I have frequently advocated the value and benefit of keeping a symptom journal to help identify your personal set of trigger foods. These are specific foods or types of foods which cause your IBD symptoms to worsen. During the height of my flare up, I could not eat any spicy, acidic, dairy, fried, gassy, fibrous or caffeinated foods. The list of things I couldn't eat was longer than than the list of things I could eat. It was very difficult. Now, while I am in remission I can eat most things other than very spicy foods or much dairy.
Your list of trigger foods will be very personal to you and your form of the disease. No one can tell you which foods will cause you problems, you have to test it out yourself.
I have spoken often to other IBD sufferers and read many of their stories. I've also received several comments on this blog about food. Over time I've realized that many people have no idea what their trigger foods are. Worse, even more people know what they are, but continue eating them anyway. I find this very surprising and a bit sad.
I personally feel that most doctors and patients don't realize what a drastic impact trigger foods have on IBD and the quality of life for those who suffer with it. While a special diet will not cure your disease, it can greatly help with your quality of life. Avoiding your trigger foods can reduce your trips to the bathroom, ease your fatigue caused by frequent bouts of diarrhea, reduce gas and abdominal pain, and possibly reduce the irritation to your digestive tract. With all these benefits, why keep eating them?
Removing trigger foods from your diet requires extra work. I ended up having to cook a lot of things from scratch in order to avoid the ingredients in many store-bought packaged foods. I also had to pay extra attention to ways of getting the nutrients I might be missing due to a restricted diet. I took a multi-vitamin and consulted with my doctor about what I was doing. It was also recommended to talk to a registered dietitian about helping me to build nutritious meals around my restrictions.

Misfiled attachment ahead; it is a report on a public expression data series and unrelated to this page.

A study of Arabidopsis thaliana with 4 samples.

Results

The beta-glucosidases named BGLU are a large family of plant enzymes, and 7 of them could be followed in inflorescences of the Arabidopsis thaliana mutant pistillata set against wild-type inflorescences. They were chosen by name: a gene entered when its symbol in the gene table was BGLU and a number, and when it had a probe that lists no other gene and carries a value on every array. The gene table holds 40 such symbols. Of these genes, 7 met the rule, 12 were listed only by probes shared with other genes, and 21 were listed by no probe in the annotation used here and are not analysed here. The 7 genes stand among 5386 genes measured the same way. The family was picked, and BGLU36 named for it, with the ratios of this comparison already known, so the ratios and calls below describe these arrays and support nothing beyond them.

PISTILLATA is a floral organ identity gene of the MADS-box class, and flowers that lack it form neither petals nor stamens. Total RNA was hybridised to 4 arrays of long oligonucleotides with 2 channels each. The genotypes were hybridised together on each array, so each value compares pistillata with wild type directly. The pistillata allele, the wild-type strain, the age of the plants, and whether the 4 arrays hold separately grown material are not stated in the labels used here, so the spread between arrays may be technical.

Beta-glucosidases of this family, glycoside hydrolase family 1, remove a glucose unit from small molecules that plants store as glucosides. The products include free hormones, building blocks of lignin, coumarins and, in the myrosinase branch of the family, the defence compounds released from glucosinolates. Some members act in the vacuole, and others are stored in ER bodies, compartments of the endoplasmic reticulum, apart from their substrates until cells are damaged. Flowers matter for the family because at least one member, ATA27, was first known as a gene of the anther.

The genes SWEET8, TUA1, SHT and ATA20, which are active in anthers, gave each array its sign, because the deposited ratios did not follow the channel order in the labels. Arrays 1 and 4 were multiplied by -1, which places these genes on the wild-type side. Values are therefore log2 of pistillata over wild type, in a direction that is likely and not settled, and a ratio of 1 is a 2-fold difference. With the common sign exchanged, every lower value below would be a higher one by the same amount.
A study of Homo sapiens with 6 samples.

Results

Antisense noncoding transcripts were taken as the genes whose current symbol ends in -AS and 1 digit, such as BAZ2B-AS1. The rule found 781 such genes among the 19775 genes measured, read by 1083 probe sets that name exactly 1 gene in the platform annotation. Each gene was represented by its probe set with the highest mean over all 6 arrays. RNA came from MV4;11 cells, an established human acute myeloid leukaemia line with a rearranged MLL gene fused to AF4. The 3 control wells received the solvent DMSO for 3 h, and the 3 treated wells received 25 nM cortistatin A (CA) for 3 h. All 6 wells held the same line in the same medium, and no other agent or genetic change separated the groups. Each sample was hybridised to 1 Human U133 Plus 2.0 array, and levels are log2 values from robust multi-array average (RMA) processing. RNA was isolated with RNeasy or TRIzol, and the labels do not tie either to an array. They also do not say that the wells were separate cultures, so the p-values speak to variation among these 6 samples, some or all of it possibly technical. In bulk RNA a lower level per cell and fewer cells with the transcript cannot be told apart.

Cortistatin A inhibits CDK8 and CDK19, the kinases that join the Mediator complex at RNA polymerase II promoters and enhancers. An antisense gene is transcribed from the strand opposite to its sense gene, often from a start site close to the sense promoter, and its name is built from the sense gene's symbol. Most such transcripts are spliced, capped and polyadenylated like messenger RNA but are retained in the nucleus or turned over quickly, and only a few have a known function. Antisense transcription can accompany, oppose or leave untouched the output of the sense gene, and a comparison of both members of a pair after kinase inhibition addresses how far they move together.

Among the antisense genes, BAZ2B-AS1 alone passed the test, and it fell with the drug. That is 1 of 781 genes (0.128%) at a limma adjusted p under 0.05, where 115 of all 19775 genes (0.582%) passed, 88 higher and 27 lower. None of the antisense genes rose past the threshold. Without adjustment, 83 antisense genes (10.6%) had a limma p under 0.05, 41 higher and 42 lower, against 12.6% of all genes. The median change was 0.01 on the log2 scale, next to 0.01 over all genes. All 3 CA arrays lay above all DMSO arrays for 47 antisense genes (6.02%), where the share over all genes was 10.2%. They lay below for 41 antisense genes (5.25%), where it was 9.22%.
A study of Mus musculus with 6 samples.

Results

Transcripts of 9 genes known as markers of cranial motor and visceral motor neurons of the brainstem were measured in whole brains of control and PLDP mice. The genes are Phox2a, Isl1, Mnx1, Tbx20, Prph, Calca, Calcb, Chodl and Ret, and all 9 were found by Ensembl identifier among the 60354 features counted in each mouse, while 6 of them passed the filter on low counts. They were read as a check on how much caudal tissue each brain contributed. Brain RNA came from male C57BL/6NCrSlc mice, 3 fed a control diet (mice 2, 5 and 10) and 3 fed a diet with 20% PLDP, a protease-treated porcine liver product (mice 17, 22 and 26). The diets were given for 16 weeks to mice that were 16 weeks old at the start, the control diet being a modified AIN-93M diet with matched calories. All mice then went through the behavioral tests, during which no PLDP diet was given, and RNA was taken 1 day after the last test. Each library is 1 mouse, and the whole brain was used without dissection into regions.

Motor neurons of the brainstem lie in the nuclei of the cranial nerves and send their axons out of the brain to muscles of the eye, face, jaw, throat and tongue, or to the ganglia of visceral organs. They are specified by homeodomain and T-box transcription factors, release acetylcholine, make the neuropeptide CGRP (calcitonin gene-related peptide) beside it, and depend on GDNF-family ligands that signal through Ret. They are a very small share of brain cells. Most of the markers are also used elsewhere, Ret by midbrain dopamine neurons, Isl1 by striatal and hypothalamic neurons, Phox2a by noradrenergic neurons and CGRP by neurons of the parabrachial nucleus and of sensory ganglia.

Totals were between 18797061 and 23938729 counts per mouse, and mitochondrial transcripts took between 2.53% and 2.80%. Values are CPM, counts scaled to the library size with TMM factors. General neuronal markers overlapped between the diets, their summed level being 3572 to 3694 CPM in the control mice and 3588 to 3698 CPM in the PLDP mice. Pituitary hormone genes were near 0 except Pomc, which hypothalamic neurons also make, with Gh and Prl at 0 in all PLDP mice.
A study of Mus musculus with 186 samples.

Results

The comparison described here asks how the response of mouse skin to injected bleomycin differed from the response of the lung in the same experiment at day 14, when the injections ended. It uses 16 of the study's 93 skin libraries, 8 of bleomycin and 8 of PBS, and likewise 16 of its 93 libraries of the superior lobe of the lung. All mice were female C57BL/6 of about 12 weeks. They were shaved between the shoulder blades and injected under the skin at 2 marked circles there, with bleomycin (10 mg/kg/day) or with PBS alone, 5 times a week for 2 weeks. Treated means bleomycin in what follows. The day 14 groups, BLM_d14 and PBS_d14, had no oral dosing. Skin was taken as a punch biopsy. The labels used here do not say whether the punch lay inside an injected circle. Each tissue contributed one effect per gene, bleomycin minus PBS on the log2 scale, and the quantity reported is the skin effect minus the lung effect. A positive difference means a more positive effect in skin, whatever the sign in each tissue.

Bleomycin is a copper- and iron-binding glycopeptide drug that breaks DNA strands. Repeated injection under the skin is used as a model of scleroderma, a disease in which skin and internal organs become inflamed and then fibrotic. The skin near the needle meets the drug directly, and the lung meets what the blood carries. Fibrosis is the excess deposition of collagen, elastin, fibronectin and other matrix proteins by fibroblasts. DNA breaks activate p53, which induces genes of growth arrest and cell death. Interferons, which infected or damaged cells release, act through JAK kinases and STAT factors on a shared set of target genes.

I strongly believe that my strict attention to what I ate, allowed me to continue to live an uninterrupted life even while suffering undiagnosed with Crohn's Disease for 10 years. I did have frequent struggles with multiple daily washroom visits, but it never became an overwhelming number of washrooms visits and didn't interfere with my career or life very much. Sadly I wish I had been diagnosed sooner, because my digestive tract was being damaged over those years because I was not being treated, resulting in needing surgery. However, combining active treatment for your disease plus a careful diet is probably better than treatment alone.
So, next time you reach for a piece of pizza or cup of strong coffee... consider whether the short term benefit of it will be outweighed by the symptoms you'll get. Consider if there is something you can eat instead. What about some decaf tea, or baked chicken casserole? I see you're still reaching for that spicy taco... don't say I didn't warn you!
Take the IBD Trigger Foods Survey: http://www.surveymonkey.com/s/7HDTNFK so we can see what other people with IBD have learned about their trigger foods. Thank you!